I often accuse my family of not supporting my writing.
There are lots of reasons why they don’t read my work.
Maybe it’s embarrassing.
Maybe it’s just not their thing.
Maybe it’s crap.
How would I ever know, when all I get are non-committal answers in the way of shrugs and grunts. ‘Your mum reads it,” they plead. “Isn’t that enough?’
‘Not really!’ I think to myself as I strop off to my office, knowing that I deliberately won’t come out until tomorrow now - just to spite them.
I rant to myself about all the boring essays I’ve had to read to satiate their educations or all the tedious work stories I’ve smiled through. Not to mention the times I’ve stunned even myself by remembering a colleague’s name and personal qualities or lack of...
I ironed some shirts for my husband today. And I put the coloureds wash onto the airer to dry. I smelled his gorgeous aftershave coming up from the clean shirts, masked only slightly by the washing powder and thought about my slewed perspective on life sometimes. I rarely do his ironing and lately, I’ve been so consumed with editing my novels that I rarely even put a wash on, let alone deal with the wet clothes. It occurred to me that as a writer, I must be a nightmare to live with. I used to be a decent sort of housewife. Our home was spotless, my car was spotless and usually myself and the children were too. But when I got into publishing my work, I found that I would glance at the laden washing basket, think ‘Oh yeah, I need to do that,’ and then forget about it until I passed it again on the way out.
I’ve become a little obsessive lately about wanting my husband to read my work, my blogs, my interviews, admire my stats and ‘like’ everything I post on my author page. And somehow, anything less than complete compliance negates all other efforts on his part to support me.
The Maori word to describe support is; taituarā.
The Oxford English Dictionary defines the word ‘support’ as meaning; to bear all or part of the weight of; hold up. But what it doesn't do, is prescribe exactly how that bearing of the weight must look, or what criteria it has to fill in order to be considered the correct sort of support.
My husband has kitted out the most beautiful office for me to work in. He didn’t just grab me a flat packed desk from one of the cheaper retail stores. No, he sourced a work of art, complete with cloth top and a million drawers for me to hide my crap in. He didn’t complain when the cat moved into the filing drawer at the bottom, nor did he moan when I used a lump hammer to hang my pictures around the room. And last weekend he even bought me a proper two-seater sofa so that when people want to talk to me about something, they don’t have to stand next to me like a naughty school child. I think that probably qualifies as support.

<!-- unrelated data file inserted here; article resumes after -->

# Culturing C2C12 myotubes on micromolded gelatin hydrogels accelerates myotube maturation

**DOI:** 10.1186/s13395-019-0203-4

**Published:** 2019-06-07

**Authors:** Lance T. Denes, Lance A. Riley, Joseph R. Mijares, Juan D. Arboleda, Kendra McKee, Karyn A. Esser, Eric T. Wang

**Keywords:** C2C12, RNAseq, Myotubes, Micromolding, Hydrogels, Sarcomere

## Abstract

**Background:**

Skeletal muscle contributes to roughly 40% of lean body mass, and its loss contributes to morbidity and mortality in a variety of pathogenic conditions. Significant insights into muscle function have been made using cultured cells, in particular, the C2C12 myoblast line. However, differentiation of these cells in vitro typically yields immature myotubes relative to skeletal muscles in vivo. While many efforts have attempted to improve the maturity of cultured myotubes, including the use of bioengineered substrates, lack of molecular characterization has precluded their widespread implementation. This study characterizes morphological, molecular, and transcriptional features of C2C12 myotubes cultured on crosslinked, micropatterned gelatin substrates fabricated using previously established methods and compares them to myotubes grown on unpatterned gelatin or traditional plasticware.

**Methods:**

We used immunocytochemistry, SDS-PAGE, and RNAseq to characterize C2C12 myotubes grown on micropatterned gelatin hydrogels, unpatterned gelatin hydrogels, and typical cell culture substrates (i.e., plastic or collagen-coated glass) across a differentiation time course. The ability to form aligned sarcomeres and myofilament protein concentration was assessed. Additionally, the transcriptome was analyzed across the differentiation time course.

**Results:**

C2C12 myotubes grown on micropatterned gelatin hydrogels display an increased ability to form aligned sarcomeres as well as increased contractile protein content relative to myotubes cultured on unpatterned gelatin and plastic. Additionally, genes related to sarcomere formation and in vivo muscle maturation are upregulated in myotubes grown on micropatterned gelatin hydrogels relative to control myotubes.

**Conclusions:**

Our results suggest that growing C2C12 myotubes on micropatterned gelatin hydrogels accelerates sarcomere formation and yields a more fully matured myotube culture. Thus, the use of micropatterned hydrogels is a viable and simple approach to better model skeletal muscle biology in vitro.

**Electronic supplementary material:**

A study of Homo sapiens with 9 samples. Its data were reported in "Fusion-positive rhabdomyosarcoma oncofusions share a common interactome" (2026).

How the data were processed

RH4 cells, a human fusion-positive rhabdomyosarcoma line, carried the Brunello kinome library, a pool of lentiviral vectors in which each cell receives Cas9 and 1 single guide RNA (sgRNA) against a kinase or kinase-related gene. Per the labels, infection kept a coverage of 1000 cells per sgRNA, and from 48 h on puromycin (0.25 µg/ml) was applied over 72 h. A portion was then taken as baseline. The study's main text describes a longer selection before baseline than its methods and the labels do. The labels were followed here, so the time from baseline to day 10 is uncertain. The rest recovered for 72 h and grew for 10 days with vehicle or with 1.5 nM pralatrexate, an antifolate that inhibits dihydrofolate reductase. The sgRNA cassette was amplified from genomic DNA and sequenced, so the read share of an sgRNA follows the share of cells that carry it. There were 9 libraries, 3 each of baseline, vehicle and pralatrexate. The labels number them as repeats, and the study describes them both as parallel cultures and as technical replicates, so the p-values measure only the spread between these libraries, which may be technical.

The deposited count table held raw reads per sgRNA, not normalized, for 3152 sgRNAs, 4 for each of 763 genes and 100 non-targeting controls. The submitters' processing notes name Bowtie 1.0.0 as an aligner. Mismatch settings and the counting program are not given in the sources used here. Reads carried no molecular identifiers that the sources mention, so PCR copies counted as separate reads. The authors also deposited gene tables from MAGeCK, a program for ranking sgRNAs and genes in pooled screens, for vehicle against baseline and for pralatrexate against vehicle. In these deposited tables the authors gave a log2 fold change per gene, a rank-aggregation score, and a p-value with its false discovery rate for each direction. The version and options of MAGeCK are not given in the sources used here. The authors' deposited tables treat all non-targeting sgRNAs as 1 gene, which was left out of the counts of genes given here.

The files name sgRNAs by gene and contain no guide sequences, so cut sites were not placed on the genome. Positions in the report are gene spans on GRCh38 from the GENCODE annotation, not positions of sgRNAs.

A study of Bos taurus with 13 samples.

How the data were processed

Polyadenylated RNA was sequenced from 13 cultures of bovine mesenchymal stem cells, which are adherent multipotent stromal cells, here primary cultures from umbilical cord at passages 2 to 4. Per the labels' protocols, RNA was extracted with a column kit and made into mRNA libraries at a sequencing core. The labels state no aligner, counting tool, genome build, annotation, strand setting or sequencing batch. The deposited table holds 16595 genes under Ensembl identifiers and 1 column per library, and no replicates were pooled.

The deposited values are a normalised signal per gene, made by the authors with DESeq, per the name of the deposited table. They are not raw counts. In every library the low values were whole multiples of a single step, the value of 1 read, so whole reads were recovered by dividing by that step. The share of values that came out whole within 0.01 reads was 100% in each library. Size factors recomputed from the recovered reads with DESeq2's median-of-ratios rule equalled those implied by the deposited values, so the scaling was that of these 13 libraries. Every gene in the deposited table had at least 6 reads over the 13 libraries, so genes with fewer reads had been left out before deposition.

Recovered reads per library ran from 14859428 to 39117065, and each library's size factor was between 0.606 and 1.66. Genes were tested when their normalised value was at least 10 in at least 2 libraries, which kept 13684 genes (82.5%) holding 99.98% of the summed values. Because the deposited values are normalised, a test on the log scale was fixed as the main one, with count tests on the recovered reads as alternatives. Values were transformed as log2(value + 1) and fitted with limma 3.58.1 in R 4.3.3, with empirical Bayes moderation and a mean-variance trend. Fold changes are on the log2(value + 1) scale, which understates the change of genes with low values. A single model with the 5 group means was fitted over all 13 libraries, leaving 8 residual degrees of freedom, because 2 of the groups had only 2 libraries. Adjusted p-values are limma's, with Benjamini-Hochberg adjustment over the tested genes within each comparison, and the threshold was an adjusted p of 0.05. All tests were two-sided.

I didn’t get all that just from ironing a few shirts, but I was somewhat humbled with the realisation that it’s probably the only selfless thing I’ve done all week.
I’m going to have fun with my children. They know that because I’ve warned them. There will be a clause in my will which will prevent them accessing any of my royalties until they answer a series of questions about me, my work and my motivation. They think it’s funny...at the moment. I might be like Shakespeare and become posthumously famous and popular. Then all those yummy dollars will be sat in an account somewhere until they put their heads together and work out which of them appeared the most times as unnamed cameos in my work. Or some other random question that I haven’t thought up yet.
But what about those who stand shoulder to shoulder with us? The ones who turn up at the end of a deafening squeal of anger, because our back-ups failed on the laptop or hard drive and we just lost six months of work. What about the poor soul-mate who schedules time with us to watch a movie, but sees out of the corner of their eye that we’re checking our stats online?
My poor chap regularly arrives home from work to no tea; the house completely in darkness and me sat in the dark somewhere tapping away on my keyboard in the dim light of the screen.
Isn’t that support?
I realised as I ironed his work shirts this morning that I had always previously accepted being married to a man whose idea of an engrossing read was a technical manual. I’m sincerely glad that he prefers that stuff to be honest. He’s been head hunted enough times in his career that I’ve got to tag along and live in some cool places. That probably wouldn’t have happened if he was Mr Average at work and buried his nose in Romeo and Juliet at the weekend...er, like me.
My husband loves Marmite and I can’t even bear the smell of it. I wonder how I would feel if he insisted that because he loved it, I had to eat a whole pot by myself, while he watched over me eagerly for signs of boredom...or nausea.
I don’t see that working and I would be offended if someone vomited up one of my novels!
I’ve realised that I’ve been looking for support of a specific kind, whilst ignoring the incredibly valuable sort I do get. I wrote this article because I know that I’m not alone amongst writers who feel unsupported by family and friends. I know that because we chat amongst ourselves in the ether and express our dissatisfaction and jealousy when someone else points out that their husband or wife is their editor. Damn them!
There are significant advantages when your partner doesn’t read your work though. My husband is blissfully unaware that the dashing Logan Du Rose in The Hana Du Rose Mysteries is based on him and his misspent youth. I get messages from women all over the world who love Logan and sigh whenever his name is mentioned. I should be glad that he has no idea about his little fan base. I think he would be embarrassed...nay mortified actually.
And if he doesn’t read my blogs then he has no idea that I’ve been talking about him...or that I’ve ironed his shirts.